Oct 162010
 October 16, 2010  Posted by  Court, Laws, Youth & Schools

The Freedom of Information Committee of the Society of Professional Journalists (SPJ) recently urged Congress to revise the Family Educational Rights and Privacy Act (FERPA).  Their proposal, if adopted, would likely water down privacy protections for both students and parents.

The resolution states:

Whereas, the Family Educational Rights and Privacy Act of 1974, called “FERPA,” was intended to protect students from embarrassment by having financial aid information or academic records released to the public, and

Whereas, educational institutions from schools to universities have expanded the purview of FERPA beyond reason to make other types of records secret, including athletic budgets, parking tickets and school lunch menus, and

Whereas, the U.S. Department of Education interprets the law beyond its intent, thus allowing school officials to hide entire records, even with names redacted, if they suspect a journalist might identify someone named in the records, and

Whereas, a Columbus Dispatch 2009 investigation exposed the widespread confusion in applying FERPA and use of FERPA to hide records involving school finance, travel and malfeasance, and

Whereas, former Sen. James L. Buckley, who crafted FERPA, stated in the Columbus Dispatch series that “That’s not what we intended. The law needs to be revamped. Institutions are putting their own meaning into the law,” and

Whereas, campus record audits from throughout the country, including a 2008 audit in Georgia, demonstrated that educational institutions illegally keep records secret, often claiming FERPA as justification, and

Whereas, the public needs access to school records that shed light on government operations, such as budgets, school safety and performance,

Therefore, be it resolved that the Society of Professional Journalists in convention assembled in Las Vegas, Nev., for its 101st celebration of journalism urges Congress to clarify FERPA to exempt from disclosure only information that would explicitly link financial aid information, poor grades, non-criminal disciplinary records or other deficient academic performance with specific identifiable students, and

Be it further resolved that SPJ urges Congress to shift responsibility of the records portion of FERPA interpretation and implementation from the Department of Education to an agency more knowledgeable about records policies, such as the National Archives and Records Administration.

FERPA was intended to protect the privacy of educational records and to provide for parental access to student records for students under age 18. Although I understand why journalists want more access to information and I agree that many institutions either misunderstand FERPA or use it as a shield, trashing FERPA is not the answer. The answer is to clarify proper FERPA application, which can be done without requiring any new legislation.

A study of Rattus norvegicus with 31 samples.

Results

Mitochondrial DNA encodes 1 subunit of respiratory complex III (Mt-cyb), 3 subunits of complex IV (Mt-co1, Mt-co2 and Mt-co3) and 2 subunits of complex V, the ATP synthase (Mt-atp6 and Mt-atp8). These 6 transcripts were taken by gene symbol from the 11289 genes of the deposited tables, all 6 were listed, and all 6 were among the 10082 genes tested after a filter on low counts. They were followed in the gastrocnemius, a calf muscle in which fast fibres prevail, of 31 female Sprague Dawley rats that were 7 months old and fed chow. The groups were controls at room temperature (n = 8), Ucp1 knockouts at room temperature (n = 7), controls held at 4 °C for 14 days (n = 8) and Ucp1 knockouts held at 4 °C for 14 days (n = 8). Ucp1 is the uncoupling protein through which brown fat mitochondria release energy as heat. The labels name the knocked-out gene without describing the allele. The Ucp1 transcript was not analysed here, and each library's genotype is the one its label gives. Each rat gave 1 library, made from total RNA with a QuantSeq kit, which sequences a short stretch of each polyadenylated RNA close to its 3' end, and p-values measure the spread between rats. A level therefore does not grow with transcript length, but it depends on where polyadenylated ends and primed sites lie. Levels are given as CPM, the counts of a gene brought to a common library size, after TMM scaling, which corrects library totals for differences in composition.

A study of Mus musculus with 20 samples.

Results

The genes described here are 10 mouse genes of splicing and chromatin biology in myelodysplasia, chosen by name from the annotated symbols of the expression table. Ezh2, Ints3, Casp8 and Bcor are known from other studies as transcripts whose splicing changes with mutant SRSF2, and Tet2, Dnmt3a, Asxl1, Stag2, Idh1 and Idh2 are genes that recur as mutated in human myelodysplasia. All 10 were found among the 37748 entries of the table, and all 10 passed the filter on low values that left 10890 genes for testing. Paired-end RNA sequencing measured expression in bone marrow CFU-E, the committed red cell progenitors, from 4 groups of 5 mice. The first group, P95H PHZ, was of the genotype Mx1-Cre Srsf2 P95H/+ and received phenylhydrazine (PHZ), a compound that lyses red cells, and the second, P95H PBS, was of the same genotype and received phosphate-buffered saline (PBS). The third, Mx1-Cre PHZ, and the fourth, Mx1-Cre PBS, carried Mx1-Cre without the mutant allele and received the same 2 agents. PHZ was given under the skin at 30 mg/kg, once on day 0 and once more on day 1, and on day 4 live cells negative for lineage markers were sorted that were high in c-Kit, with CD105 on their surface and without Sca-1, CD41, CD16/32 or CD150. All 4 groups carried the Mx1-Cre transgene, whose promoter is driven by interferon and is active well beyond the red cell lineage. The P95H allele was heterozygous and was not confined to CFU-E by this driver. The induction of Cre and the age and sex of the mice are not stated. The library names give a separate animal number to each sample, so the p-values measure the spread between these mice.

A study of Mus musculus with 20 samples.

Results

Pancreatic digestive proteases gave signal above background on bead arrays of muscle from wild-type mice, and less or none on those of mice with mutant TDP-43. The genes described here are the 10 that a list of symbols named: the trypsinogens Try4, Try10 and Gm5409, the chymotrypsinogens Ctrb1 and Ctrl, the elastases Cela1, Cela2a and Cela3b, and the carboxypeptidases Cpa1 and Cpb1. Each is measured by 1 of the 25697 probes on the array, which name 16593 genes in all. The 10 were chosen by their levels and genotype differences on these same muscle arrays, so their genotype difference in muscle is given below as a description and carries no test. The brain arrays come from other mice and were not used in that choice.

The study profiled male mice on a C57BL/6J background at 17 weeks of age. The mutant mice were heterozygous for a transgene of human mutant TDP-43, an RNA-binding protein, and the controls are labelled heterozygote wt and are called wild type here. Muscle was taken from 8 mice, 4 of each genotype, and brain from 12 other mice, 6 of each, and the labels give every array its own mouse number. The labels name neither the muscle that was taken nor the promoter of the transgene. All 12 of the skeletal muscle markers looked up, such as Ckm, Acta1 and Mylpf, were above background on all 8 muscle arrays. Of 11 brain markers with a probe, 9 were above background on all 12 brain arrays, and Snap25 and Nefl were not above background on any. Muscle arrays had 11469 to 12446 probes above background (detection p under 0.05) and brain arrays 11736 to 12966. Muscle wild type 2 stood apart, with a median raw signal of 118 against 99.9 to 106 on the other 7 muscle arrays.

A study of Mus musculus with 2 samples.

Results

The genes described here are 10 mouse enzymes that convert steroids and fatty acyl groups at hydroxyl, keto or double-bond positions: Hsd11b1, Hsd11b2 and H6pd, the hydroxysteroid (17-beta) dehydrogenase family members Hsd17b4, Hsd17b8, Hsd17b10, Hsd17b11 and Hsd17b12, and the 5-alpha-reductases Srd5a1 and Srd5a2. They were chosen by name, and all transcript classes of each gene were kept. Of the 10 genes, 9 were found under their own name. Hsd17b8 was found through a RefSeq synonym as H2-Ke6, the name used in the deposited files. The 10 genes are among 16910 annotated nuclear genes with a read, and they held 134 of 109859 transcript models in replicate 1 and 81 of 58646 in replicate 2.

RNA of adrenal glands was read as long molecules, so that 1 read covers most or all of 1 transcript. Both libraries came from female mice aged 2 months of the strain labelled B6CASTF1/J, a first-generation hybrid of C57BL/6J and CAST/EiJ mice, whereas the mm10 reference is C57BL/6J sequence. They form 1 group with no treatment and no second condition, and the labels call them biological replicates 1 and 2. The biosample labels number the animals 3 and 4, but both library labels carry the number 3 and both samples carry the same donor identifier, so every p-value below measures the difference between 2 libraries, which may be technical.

It is a horrible idea, in my opinion, to exempt criminal disciplinary records from FERPA protection at the k-12 level. Too many disabled or minority students are charged with crimes incorrectly or unfairly. To make their names and records available to media would compound the harm. Whether the same protection should apply at the secondary level for students over the age of 18 may be another matter, however.

Here’s a case in point.  Jeff Eckhoff reports:

The release of hundreds of confidential University of Iowa documents related to an alleged sexual assault in 2007 will come down to a question of interpreting a federal law that the university has used to withhold them, Iowa Supreme Court justices said Friday.

“Federal law is going to prevail,” Justice Brent Appel said during oral arguments in the university’s appeal of a lawsuit filed by the Iowa City Press-Citizen. “The question is, ‘What is federal law?’ ”

The Press-Citizen sued the university in 2008 after campus officials provided only 18 documents in response to the first of five requests under Iowa’s open records law. The requests sought a wide variety of paperwork related to an October 2007 incident in a Hillcrest Residence Hall dorm room where former Hawkeye football players Abe Satterfield and Cedric Everson allegedly sexually assaulted a former U of I student athlete.


The newspaper’s lawsuit initially led Johnson County District Judge Douglas Russell to order the university to release roughly 1,100 pages in September 2009. Russell ruled that roughly 445 documents were not confidential and another 685 could be released after redacting identifying information.

Campus officials appealed, citing part of the U.S. Family Educational Rights and Privacy Act that “prohibits release of records in a redacted form when the requestor knows the identity of the students.”

Read more in the Des Moines Register.

Were campus officials using FERPA as an excuse, or is it more likely that they were adhering to FERPA as they interpret it? And what did the FERPA Compliance Office tell them if they asked for advice on the application of the law?

Sorry, the comment form is closed at this time.